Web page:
Hard rock outfit DZ Deathrays have garnered a reputation for predictably high energy, raucous live sets which at its most basic, motivate crowds to move. As always they delivered with their high energy fan base going into overdrive.
She’s the Band and Pemberton were chosen as supports for this gig, although an act like Horror My Friend could have arguably been more suited to this crowd. Nevertheless, the variety these two acts brought made the line up all the more interesting. The former occupy a space between hardcore, punk and a sorta 90s riot girl vibe. They’re certainly impactful live with strong riffs, rolling bass lines and big vocals, verging on screamo. They were a solid opener for DZ Deathrays and an inspired choice to build up to the main act’s more intense minimalist set. Lyrically they’re a very political band with strong leftist opinions that will resonate with a lot of young music fans.
Pemberton were reasonably tight live, with a set list that in fairness is reasonably more emotive and melodic than the opener with no real heavy or hardcore elements. The lyrics are bitingly honest and heartfelt with a sort of bitter youthful angst that cuts through, especially when the singer discusses the context. There’s a true-emo element to the band, an earnestness which will potentially spread their appeal.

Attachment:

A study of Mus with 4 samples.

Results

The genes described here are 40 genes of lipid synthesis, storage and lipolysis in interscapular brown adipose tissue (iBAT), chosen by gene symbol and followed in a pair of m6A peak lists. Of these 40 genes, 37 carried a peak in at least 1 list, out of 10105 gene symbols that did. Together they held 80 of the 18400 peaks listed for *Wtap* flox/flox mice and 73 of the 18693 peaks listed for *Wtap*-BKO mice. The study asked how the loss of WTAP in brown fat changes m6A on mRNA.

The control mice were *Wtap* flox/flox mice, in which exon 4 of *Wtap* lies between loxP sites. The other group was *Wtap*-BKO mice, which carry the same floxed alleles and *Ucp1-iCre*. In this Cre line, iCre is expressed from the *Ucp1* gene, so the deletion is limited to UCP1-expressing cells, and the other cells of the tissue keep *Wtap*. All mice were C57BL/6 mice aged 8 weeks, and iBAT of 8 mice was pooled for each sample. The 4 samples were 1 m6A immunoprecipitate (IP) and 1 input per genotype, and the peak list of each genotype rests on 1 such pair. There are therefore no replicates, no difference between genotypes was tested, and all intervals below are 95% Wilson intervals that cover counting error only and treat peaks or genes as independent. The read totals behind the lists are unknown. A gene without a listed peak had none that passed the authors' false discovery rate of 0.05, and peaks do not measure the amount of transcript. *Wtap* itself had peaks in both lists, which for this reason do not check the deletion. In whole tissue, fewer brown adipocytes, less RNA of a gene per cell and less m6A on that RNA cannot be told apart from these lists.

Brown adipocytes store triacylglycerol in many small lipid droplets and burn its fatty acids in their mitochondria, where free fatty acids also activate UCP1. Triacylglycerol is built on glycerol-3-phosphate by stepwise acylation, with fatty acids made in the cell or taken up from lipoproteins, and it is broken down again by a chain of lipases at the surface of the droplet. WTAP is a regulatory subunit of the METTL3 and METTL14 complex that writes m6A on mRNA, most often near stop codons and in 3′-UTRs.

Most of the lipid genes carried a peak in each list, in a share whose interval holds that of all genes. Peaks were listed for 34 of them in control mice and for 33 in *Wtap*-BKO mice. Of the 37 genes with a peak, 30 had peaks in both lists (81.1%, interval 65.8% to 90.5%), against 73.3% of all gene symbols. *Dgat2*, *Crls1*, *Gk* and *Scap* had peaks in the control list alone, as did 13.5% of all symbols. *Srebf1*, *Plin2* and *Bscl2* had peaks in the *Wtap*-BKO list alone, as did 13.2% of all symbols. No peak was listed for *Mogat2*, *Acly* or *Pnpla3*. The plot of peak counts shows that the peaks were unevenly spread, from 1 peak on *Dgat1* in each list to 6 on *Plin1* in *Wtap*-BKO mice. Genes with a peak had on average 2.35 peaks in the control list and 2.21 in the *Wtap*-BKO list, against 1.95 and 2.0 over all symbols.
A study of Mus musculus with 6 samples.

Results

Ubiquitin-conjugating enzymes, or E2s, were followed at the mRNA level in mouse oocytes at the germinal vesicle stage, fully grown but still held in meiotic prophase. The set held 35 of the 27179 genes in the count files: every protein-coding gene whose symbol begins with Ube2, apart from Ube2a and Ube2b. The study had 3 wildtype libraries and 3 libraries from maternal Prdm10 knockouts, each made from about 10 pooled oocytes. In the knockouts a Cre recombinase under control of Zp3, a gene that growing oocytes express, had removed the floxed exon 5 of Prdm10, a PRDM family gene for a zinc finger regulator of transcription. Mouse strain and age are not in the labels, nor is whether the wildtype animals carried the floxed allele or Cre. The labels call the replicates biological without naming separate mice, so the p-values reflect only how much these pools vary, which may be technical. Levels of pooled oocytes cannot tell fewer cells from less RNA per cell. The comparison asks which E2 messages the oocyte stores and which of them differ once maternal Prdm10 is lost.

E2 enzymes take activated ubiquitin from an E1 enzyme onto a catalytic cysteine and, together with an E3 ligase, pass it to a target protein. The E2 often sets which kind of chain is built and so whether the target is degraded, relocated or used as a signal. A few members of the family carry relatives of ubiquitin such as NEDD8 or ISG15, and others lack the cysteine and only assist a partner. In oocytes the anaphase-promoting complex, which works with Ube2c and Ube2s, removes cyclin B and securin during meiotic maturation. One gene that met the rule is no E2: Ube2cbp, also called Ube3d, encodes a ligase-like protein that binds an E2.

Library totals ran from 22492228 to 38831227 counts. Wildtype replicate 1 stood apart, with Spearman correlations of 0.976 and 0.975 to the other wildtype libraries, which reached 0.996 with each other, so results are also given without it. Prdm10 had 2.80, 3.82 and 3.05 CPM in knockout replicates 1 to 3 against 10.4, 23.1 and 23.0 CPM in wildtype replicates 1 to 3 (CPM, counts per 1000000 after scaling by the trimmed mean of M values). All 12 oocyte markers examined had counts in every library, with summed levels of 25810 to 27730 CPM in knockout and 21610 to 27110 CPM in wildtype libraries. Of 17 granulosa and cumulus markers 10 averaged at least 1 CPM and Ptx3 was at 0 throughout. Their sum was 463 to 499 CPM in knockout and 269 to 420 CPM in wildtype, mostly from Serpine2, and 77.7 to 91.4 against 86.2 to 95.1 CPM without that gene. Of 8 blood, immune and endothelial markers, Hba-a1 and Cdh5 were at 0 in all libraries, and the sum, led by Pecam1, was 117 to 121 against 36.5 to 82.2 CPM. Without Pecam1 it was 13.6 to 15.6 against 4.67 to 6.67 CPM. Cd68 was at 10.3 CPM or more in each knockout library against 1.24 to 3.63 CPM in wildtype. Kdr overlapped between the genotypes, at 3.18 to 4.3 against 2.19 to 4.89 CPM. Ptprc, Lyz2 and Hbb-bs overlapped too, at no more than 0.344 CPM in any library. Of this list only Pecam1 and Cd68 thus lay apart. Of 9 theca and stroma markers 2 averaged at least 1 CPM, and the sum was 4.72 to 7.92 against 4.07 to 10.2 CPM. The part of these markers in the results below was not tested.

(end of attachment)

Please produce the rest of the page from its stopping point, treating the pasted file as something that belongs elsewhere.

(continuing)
DZ Deathrays have established themselves as kings of modern Australian riff rock and amongst the top echelon of live Australian acts, not unlike Tame Impala and Violent Soho and Lost Dinosaurs, who have a signature sound all their own. With their classing buzzing distorted riffs and piercing vocals over minimalist brash drums, the act which has expanded to a trio in recent times, demonstrated to a captivated young crowd at Fat Controller why they are so highly rated by fans and industry alike, in Australia.
As they say in cliche music reviewing, the hits just kept coming. “Reflective Skull” was simply glorious with the space between the riffs again revealing the fantastic guitar arrangements of the band. “Dollar Chills” early in the set helped demonstrate the live appeal of the band and the intelligence behind the song construction with the almost perfectly synchronised mosh, while one of the songs that helped break them, “No Sleep” brought the chaos. Speaking of which, the circle pits, one at the behest of the crowd and the crowd surfing reflected the non-stop energy of the live show. Finishing with “Gina plays at hearts” , featuring one one of the catchiest choruses in recent Australian rock, set the crowd off another couple of notches.
Fat Controller is enjoying another great year and this current generation of youth are bound to have a host of great memories, especially if the live sound keeps improving, as engineers learn how to mix to the challenging room. This was another fantastic night with a pumped up crowd really getting the most out of it.